Reports of fighting on the streets of Grozny during the night of December 17-18 are fragmentary and contradictory.
The Chechen authorities claim to have killed in a shoot-out in central Grozny late on December 17 six people who had appropriated a police vehicle and run down a police officer who sought to stop them. City residents, however, say several exchanges of fire took place in different locations.
Initially, Chechen Republic head Ramzan Kadyrov said four people who had stolen a police vehicle in Grozny's Oktyabr district had been killed in a shoot-out, and two others wounded and hospitalized. He said a young woman was with them. Police, however, later said six people were killed after barricading themselves into a house on Grozny's central Lorsanov Street.
Three of the dead have been identified as Islam Altemirov, Said-Ibragim Ismailov, and Magomed Ilyasov. Their relatives and close friends have been detained for questioning. Police have also launched a search for three more young men, Ibragim Mazhayev, 20, and Istamul Mamayev, 18, and Khamatkhan Mintayev, 18, who are said to have taken part in "an attack on police," RFE/RL's North Caucasus Service reported.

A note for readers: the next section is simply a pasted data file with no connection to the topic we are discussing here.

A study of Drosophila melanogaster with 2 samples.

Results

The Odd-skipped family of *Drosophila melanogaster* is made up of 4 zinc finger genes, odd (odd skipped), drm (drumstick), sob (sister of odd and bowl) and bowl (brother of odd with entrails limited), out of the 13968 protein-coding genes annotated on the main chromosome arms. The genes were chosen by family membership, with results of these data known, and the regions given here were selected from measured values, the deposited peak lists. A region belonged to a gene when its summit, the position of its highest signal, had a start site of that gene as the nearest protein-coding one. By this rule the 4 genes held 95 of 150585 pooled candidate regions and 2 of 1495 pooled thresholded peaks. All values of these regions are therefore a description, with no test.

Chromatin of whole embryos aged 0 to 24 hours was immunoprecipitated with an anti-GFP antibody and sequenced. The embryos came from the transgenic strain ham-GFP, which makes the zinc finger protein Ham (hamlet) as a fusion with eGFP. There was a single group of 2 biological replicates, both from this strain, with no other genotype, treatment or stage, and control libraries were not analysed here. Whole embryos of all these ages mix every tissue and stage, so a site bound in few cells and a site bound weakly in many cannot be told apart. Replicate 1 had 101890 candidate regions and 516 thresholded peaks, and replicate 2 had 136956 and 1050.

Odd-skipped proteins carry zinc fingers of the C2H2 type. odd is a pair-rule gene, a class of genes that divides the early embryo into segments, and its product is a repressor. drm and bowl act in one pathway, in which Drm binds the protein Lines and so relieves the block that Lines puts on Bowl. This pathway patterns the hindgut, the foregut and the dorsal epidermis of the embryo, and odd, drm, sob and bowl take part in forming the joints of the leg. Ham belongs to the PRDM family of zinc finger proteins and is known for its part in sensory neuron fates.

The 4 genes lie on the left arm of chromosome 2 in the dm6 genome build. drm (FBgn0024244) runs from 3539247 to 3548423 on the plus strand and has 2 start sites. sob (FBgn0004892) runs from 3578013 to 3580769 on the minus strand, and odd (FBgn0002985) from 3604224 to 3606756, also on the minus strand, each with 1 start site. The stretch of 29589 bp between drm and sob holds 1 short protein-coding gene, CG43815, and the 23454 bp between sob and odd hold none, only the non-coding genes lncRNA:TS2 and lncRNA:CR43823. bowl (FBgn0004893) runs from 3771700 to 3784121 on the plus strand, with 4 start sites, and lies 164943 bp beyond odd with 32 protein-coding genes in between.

According to the Russian website Life.ru, Mazhayev and Mamayev had joined "an illegal armed formation" (when is not clear) and pledged allegiance to the extremist group Islamic State.
The news portal Caucasian Knot quoted Grozny residents as saying that there were at least two intensive exchanges of machine-gun fire during the hour before midnight local time between security personnel and armed attackers, including one on March 8 Street and another close to the Vaynakh Telecom building. The agency also quoted city residents as saying that police "were in a state of panic," which implies there were more than just six attackers.
Fighters from the now moribund Imarat Kavkaz (Caucasus Emirate) killed at least 14 police and security personnel and wounded a further 36 in multiple nighttime attacks on Grozny in early December 2014.
On the other hand, Grozny residents reportedly said armed men were going to the homes of police officers and threatening to kill them unless they surrendered their handguns. Such incidents were reported at two separate locations (the northern Staropromyslov district and Stary Posyolok).That suggests that the young men involved had only limited access to weaponry, which would not be the case if they were aligned with either the Caucasus Emirate or IS.
It is thus conceivable that they were angry, desperate, and unwilling to tolerate Kadyrov's vindictive and heavy-handed rule any longer, and were either seeking to augment their arsenal in preparation for a large-scale assault, or simply targeted police as the most vulnerable of Kadyrov's forces.